Big East Football Approves Expansion
First, the Pac-10 came calling for Texas and Oklahoma, and instead landed Colorado and Utah. Then, the Big Ten came calling for Notre Dame and landed Nebraska. Then, the SEC courted Texas A&M and instead stayed put. And so it goes in the aim-high, settle-low game of college football expansion. The latest conference joining the adventure appears to be the Big East.
The league won't officially comment about anything specific, but speculation has focused on six schools: Villanova, TCU, Central Florida, Houston, Temple and Memphis.
A Big East athletic director told FanHouse the league is "considering numerous schools. All the usual suspects."
The Big East's official statement read as follows: "The Big East Conference submitted the results of its extensive self-analysis and evaluation of the college athletics environment today at its annual Conference Board of Directors meeting. Based on those results, the Big East presidents agreed that the interests of each of the conference's 16 member institutions would be served by increasing the number of Bowl Subdivision football-playing members to 10. They unanimously approved the process to evaluate the terms and conditions for potential expansion candidates."
Although Big East expansion talk is nothing new, there is added intrigue now that they've cited a number, with up to 10 schools participating in FBS football.
Although not the most lucrative addition, Villanova (pictured above right with the FCS championship trophy) seems the most obvious pickup as it is already a Big East member for basketball and is openly exploring moving its football program from the FCS to the FBS. The Wildcats actually were a Division I (later Division I-A) football school from 1973 until 1980. They are situated in Philadelphia's big television market, but also share it with another Big East candidate, Temple.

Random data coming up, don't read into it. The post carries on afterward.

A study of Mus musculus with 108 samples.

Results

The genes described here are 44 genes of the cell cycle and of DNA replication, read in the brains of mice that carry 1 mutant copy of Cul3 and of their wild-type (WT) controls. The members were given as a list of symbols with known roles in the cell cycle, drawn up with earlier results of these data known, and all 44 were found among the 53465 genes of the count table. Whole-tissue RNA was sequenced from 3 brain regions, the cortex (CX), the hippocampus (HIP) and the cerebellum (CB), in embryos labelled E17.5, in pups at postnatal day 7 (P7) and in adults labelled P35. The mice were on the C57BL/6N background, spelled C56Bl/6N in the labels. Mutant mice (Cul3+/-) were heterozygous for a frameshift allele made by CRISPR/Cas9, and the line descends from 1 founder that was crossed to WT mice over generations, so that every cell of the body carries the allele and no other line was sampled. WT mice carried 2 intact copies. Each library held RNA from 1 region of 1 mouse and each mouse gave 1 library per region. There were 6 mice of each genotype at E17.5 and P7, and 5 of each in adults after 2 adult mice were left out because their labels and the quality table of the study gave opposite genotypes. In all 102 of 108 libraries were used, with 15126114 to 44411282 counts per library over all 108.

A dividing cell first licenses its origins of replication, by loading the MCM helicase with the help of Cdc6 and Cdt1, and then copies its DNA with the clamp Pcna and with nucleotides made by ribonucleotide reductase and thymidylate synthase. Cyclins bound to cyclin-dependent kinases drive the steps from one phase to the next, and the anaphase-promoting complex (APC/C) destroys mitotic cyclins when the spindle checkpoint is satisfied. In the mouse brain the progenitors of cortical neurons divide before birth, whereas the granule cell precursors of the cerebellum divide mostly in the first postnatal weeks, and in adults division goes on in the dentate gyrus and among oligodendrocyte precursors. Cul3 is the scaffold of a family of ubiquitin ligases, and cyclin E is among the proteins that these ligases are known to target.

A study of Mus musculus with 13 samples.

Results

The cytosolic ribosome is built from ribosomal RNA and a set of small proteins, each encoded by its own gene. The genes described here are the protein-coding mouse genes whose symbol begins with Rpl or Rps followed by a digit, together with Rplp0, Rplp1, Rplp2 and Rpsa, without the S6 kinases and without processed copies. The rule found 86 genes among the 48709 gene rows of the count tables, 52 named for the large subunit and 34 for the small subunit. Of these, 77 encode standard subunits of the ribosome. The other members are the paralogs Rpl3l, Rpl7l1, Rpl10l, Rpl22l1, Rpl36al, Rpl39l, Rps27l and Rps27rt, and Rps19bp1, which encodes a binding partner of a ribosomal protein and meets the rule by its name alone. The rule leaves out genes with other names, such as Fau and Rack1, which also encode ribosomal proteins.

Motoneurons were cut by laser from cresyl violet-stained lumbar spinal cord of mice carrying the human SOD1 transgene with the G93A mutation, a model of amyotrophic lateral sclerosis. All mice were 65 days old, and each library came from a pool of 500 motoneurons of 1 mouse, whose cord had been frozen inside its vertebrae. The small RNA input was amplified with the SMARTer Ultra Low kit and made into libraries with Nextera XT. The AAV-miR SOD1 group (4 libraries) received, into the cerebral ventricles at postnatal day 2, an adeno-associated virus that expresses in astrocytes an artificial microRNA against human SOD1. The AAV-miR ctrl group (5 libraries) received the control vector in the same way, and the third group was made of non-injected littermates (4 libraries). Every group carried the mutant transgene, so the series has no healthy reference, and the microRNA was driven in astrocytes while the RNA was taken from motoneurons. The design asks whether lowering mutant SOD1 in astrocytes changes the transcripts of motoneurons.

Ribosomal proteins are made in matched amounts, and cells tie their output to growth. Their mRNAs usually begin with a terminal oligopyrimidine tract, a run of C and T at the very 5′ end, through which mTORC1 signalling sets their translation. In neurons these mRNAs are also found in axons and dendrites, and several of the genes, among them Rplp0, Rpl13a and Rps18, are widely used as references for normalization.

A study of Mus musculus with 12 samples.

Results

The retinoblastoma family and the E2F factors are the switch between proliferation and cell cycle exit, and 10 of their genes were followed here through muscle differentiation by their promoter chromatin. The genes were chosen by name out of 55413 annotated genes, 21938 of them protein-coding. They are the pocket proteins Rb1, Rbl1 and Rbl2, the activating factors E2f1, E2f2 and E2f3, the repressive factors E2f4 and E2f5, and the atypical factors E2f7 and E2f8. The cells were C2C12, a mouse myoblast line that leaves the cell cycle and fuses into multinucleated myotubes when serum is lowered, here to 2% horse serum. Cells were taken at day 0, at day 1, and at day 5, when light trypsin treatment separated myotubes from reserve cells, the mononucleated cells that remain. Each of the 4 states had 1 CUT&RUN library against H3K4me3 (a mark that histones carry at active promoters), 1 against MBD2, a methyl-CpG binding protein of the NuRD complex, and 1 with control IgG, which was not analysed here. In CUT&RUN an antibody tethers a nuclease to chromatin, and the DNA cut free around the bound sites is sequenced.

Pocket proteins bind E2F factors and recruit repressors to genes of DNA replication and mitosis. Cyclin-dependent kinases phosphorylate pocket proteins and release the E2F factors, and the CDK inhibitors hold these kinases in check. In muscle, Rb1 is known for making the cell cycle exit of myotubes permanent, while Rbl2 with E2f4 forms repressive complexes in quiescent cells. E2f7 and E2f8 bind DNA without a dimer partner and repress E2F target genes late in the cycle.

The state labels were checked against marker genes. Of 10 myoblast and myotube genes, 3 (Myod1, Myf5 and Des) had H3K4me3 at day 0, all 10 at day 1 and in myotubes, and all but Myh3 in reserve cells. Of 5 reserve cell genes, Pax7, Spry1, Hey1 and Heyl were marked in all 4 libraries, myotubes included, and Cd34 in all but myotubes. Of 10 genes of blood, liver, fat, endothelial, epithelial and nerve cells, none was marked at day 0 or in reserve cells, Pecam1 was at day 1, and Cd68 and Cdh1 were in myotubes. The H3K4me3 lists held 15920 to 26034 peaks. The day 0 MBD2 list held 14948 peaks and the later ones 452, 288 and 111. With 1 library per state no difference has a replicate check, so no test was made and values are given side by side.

The Owls were themselves formerly part of the Big East starting in 1991 until getting dropped in 2004 thanks to an overall abysmal performance record in football.
Adding either of those programs would be a fairly safe, reliable move.
Where things get interesting is if the Big East dives down south once again to grab a Florida or Texas program. Several media outlets have reported mutual interest between the Big East and TCU, of all programs. It has been a crazy few decades for the Horned Frogs, who since 1995 have bounced around from the old Southwest Conference to the WAC to Conference USA and now the Mountain West. Despite football's importance in Texas, they haven't been able to hitch a ride with a major conference – until now, perhaps.
Travel, particularly for the so-called non-revenue sports would be particularly expensive and challenging, but the Big East already has its tentacles in Florida while the WAC stretches from Hawaii to Louisiana. Its uncomfortable, but it can be done.
Two complicating factors will be how the conference's basketball-only members feel about certain additions to the family and the overall expansion game beyond the Big East's control.
On the former, the Big East's basketball reputation is everything its football reputation is not. It is considered, along with the ACC, to be the best basketball conference out there. The league has achieved high-level success in the regular season and in the NCAA tournament that has not been seen within Big East football since Rich Rodriguez left West Virginia and before that since Miami left for the ACC. While basketball is no slouch and pulls in plenty of money, even in a diminished role the football schools still have plenty of say in how things proceed.
On the latter, there has been speculation in recent years that the Big Ten would seek out a program like Rutgers to gain greater access to the New York television market. It is speculative but we probably came very close to seeing that happen this summer had Texas joined the Pac-10, spurring the Big Ten into grabbing not just Nebraska but possibly Rutgers and then Notre Dame.
Several disparate forces combined to keep that from happening, but the Big East may not be so lucky the next time around. As we've seen with the Pac-10's recent moves, the key to survival likely hinges on not getting poached while doing a little poaching yourself.